Scottish fact of the week: John Rae, explorer

Scottish explorer John Rae (1813 - 1893). Picture: Hulton Archive/Getty
Scottish explorer John Rae (1813 - 1893). Picture: Hulton Archive/Getty

Born in Orkney in 1813, John Rae seemed groomed for the outdoors. Growing up in an affluent household on the island, he had a voracious appetite for adventure: sailing, hunting, fishing and trekking were among his boyhood hobbies.

After graduating from the University of Edinburgh in medicine, he became a surgeon on a ship belonging to the Hudson’s Bay Company which set out for Canada. This proved to be a life-altering trip: he spent the next decade in the country after accepting a surgeon’s post in Moose Factory.

While working with the community, he gained a great understanding of the harsh environment through the Inuit people, who taught him valuable survival skills and how to live off the land. What he learned made him more self-reliant than most other explorers in the Victorian era, and such was his skill at using showshoes that he was given the nickname “Aglooka”. meaning he who takes great strides. This closeness with the local population ultimately proved to be his undoing.

By the 1840s, he was regularly dispatched on expeditions to map Canada’s coastline. His involvement in the search for the 1845 expedition of Sir John Franklin, who was searching for the Northwest Passage linking Atlantic and Pacific oceans, resulted in a discovery that would scandalise the British establishment.

Though he successfully mapped the Northwest Passage during his search for the Franklin expedition, his report on the fate of its 134-man crew overshadowed his achievements. He wrote that the surviving crew had resorted to cannibalism. His account was based on the testimony of Inuits who had seen a group of white men drag boats and sledges some years ago. He also acquired items from them that could have only belonged to the doomed expedition. Later, he spoke to other Inuits who said around 30 bodies had been found.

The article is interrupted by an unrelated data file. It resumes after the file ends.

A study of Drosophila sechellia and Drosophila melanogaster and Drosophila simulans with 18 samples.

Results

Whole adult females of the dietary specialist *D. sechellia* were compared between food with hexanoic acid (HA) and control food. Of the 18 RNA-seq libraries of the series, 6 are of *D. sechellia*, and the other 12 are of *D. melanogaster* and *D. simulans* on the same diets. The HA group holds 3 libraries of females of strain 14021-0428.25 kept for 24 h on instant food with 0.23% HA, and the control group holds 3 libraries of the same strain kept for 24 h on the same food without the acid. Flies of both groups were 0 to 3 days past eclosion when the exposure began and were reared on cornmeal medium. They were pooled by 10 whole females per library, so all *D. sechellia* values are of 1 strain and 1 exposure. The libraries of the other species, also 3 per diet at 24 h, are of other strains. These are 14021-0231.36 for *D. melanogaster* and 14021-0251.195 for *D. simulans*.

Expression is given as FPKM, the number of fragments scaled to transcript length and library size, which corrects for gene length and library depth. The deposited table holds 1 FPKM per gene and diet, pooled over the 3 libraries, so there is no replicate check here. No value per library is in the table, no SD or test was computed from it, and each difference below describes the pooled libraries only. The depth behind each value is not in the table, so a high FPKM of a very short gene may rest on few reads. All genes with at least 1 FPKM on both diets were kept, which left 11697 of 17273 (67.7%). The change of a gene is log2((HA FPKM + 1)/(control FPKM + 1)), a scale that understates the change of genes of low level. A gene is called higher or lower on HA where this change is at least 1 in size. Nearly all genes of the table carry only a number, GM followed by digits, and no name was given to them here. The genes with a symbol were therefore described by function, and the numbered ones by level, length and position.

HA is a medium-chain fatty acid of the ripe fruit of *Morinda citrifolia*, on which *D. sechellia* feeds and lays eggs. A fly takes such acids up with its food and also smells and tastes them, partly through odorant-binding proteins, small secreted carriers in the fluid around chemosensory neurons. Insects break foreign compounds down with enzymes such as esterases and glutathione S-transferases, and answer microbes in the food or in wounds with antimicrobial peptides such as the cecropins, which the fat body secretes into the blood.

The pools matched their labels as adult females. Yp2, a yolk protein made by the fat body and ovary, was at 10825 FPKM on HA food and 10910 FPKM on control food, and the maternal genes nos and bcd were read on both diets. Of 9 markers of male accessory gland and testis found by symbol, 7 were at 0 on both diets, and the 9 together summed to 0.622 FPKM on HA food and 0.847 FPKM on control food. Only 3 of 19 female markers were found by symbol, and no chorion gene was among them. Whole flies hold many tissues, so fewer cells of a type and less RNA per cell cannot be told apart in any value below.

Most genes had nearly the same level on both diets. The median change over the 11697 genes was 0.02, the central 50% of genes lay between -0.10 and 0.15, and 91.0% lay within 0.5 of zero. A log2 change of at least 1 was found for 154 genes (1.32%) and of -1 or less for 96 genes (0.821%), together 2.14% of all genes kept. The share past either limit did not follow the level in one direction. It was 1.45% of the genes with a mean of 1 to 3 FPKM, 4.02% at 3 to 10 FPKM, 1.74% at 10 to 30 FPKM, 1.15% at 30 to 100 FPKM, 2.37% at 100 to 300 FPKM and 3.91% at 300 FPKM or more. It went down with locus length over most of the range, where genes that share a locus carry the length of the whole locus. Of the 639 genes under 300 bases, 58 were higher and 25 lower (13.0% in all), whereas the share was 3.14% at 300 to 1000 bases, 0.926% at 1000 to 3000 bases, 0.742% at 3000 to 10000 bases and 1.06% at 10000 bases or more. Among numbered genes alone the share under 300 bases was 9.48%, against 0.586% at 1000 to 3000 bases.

He wrote: “From the mutilated state of many of the bodies and the contents of the kettles, it is evident that our wretched Countrymen had been driven to the last dread alternative - cannibalism - as a means of prolonging existence.”

The report was widely condemned and discredited, chiefly because the Victorian establishment believed that the testimonies of the Inuits were unreliable. Rae’s failure to visit the site enraged the establishment further - none more so than Lady Jane Franklin, who sought to dismantle Rae’s achievements and martyr her late husband. Even novelist Charles Dickens sought to attack Rae, writing a letter to the Times newspaper objecting to his report, and the possibility that Royal Navy officers would resort to eating their own.

Lady Franklin’s campaign to lionise her late husband was overwhelmingly successful - Captain Richard Collinson of the Royal Navy was credited with Rae’s work of mapping thousands of miles of Arctic land. However, efforts to restore Rae’s reputation begun in the early 20th century, when Norwegian Roald Admunsen referred to the Northwest Passage as the “Rae Strait”. More official recognition for his monumental achievements have come slowly, but a monument to Rae is about to be established in Westminster Abbey.